On Your Mark: Challenging the Conventions of Grading and Reporting by Thomas R. Guskey

5. Challenge the Computation of Class Rank

  • Grade point averages are yet another sorting mechanism. Guskey suggests that teachers ask themselves if their purpose is to select talent or develop talent. If it’s the former, then a teacher needs to focus on discriminating between students. If it’s the later, the job becomes one of seeing how many students can get to achieve the course standards. Most colleges today realize that class rank is a fuzzy number and are using it less and less. Rather they look at the quality and quantity of the courses taken. Unfortunately, many students with parental help work on gaming the system to get higher GPAs. This can involve skipping arts courses as they don’t receive higher weights or just taking fewer courses. Many valedictorians also report that the constant competitive grind made high school not much fun. The ethical question is why compute rank in class when it only helps a few and may be hurting the vast majority. Studies of valedictorians show that they are generally successful, but seldom innovators as they are somewhat risk adverse. Recognizing excellence is vital, but it need not be grounded on norm-based criteria. In fact, if a teacher was truly successful, every student would obtain excellence as defined by the class standards.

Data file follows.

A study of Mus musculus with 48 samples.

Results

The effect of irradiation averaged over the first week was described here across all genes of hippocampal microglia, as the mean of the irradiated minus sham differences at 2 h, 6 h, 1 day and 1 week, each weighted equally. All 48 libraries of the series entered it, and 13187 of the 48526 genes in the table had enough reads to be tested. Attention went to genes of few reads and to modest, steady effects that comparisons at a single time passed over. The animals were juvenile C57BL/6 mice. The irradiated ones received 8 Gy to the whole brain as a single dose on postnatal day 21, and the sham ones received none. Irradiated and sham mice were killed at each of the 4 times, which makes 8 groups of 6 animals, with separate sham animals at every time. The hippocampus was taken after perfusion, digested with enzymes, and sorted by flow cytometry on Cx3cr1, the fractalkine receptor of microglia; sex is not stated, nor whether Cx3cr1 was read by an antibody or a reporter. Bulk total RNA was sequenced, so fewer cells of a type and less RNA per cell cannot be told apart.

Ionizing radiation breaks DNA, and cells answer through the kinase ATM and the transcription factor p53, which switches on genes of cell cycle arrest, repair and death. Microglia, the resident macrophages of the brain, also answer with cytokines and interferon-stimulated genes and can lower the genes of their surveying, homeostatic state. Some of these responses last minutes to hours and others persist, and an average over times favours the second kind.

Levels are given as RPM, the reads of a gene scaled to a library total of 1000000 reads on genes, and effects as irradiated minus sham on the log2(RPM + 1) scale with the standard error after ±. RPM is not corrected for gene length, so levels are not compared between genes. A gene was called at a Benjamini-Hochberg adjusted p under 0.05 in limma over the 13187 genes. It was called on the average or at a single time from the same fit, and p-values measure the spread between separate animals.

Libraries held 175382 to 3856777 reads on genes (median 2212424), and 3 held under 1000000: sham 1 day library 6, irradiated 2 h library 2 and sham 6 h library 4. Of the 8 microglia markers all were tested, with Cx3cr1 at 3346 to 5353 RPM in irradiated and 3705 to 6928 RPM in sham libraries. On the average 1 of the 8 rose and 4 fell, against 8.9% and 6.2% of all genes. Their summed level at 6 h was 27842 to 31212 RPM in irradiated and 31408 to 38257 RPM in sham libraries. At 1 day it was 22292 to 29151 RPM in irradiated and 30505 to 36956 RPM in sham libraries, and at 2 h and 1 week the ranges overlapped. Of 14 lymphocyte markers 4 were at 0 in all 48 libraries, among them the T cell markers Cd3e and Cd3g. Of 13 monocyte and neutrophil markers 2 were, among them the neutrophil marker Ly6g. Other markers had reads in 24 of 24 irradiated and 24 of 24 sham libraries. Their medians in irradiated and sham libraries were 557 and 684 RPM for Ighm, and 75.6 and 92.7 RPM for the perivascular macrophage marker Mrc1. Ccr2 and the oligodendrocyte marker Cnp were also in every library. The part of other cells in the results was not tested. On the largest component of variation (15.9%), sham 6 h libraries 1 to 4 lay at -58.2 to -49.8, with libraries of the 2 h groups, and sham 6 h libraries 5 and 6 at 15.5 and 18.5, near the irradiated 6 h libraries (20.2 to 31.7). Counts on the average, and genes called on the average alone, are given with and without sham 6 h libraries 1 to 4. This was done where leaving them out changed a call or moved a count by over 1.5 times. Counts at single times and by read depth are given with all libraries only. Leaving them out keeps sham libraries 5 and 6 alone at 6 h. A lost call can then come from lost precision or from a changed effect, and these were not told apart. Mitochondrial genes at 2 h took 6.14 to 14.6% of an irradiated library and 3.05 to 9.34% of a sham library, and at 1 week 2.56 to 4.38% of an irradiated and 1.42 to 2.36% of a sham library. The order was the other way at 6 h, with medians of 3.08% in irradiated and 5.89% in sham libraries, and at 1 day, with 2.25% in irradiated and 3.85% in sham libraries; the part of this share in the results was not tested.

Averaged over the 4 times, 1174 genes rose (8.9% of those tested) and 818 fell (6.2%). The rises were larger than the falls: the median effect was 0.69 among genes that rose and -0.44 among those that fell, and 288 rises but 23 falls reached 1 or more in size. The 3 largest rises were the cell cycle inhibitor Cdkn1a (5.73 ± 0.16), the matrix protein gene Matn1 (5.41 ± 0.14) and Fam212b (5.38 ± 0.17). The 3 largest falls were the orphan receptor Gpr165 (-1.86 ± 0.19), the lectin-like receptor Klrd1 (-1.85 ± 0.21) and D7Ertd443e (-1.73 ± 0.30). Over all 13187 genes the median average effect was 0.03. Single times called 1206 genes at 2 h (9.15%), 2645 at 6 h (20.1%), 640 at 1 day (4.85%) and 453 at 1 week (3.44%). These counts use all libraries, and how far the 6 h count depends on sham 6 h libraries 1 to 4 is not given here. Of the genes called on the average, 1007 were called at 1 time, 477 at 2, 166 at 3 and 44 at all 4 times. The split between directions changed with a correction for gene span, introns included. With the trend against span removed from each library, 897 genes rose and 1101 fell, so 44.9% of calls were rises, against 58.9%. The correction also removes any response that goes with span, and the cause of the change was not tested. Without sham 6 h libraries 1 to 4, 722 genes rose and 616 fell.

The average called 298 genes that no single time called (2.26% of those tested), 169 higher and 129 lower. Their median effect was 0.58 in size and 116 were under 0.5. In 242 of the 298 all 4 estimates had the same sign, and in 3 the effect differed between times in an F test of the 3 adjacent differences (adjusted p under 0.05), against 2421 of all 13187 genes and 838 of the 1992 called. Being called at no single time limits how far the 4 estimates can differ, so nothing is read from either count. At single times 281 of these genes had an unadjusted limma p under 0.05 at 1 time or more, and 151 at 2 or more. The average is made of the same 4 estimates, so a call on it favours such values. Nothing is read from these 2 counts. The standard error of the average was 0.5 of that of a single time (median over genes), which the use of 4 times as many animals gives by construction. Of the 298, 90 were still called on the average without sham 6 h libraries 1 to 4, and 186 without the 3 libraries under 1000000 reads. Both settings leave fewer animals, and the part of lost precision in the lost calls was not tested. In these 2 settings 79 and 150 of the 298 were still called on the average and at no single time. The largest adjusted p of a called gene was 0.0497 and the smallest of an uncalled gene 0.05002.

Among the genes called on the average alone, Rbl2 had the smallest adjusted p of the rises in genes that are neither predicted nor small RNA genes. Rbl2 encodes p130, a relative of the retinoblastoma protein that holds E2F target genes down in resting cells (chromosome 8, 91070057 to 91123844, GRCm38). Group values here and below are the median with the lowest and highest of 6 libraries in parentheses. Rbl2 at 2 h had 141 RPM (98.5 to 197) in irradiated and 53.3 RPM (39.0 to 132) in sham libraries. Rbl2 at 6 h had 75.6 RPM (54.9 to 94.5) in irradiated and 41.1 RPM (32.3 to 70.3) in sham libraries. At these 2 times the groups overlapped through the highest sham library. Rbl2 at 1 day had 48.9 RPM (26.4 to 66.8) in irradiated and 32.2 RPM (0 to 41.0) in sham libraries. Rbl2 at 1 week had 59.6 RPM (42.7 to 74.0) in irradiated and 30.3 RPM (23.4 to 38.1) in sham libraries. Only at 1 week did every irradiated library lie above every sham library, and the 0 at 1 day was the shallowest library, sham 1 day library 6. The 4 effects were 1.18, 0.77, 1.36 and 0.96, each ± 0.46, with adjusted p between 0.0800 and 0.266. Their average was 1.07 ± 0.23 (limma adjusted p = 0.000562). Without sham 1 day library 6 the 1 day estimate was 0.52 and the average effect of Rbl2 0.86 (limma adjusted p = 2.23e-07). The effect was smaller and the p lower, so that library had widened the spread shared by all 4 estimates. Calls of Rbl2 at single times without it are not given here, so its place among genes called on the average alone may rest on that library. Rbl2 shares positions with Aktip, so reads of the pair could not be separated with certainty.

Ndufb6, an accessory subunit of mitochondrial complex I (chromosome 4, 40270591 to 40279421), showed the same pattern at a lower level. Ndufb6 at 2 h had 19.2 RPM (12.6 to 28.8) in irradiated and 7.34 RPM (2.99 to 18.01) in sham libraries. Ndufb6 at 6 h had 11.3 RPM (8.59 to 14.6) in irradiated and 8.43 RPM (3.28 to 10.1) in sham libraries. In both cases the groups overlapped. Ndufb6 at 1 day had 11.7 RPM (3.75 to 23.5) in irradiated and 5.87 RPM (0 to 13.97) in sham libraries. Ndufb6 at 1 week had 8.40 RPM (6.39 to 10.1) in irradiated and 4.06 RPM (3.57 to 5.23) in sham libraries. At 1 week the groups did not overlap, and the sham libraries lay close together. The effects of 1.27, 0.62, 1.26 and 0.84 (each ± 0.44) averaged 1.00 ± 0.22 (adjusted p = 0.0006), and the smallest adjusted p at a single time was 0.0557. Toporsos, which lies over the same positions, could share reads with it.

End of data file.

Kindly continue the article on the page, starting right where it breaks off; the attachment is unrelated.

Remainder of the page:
6. Challenge the Use of a Single Grade

  • Teachers are known for developing their own idiosyncratic systems for generating a single grade for the report card. Guskey lists 22 sources that include various types of texts, homework, projects, and effort. A brilliant student can ace all of the exams and still get a C due to missing homework. At the same time, a hard working student can get a C even if he fails the exams. The hodgepodge of sources that are often cobbled together for a grade is like combining a patient’s various physical attributes into a single laughable number. Guskey makes a case for three grades. The first would be based on student product. This is a combination of what they know and what they can do at a particular point in time. A process grade would look at responsibility, effort, and work habits. Homework, punctually, class participation and attendance fit here. Finally, there is the progress grade. This accesses that gain or growth made during a marking period, semester, or course. To do this teacher need a list of standards mastered at the beginning. They then report how many new standards are mastered. Some schools in Canada and the US are experimenting with this innovative style of grading.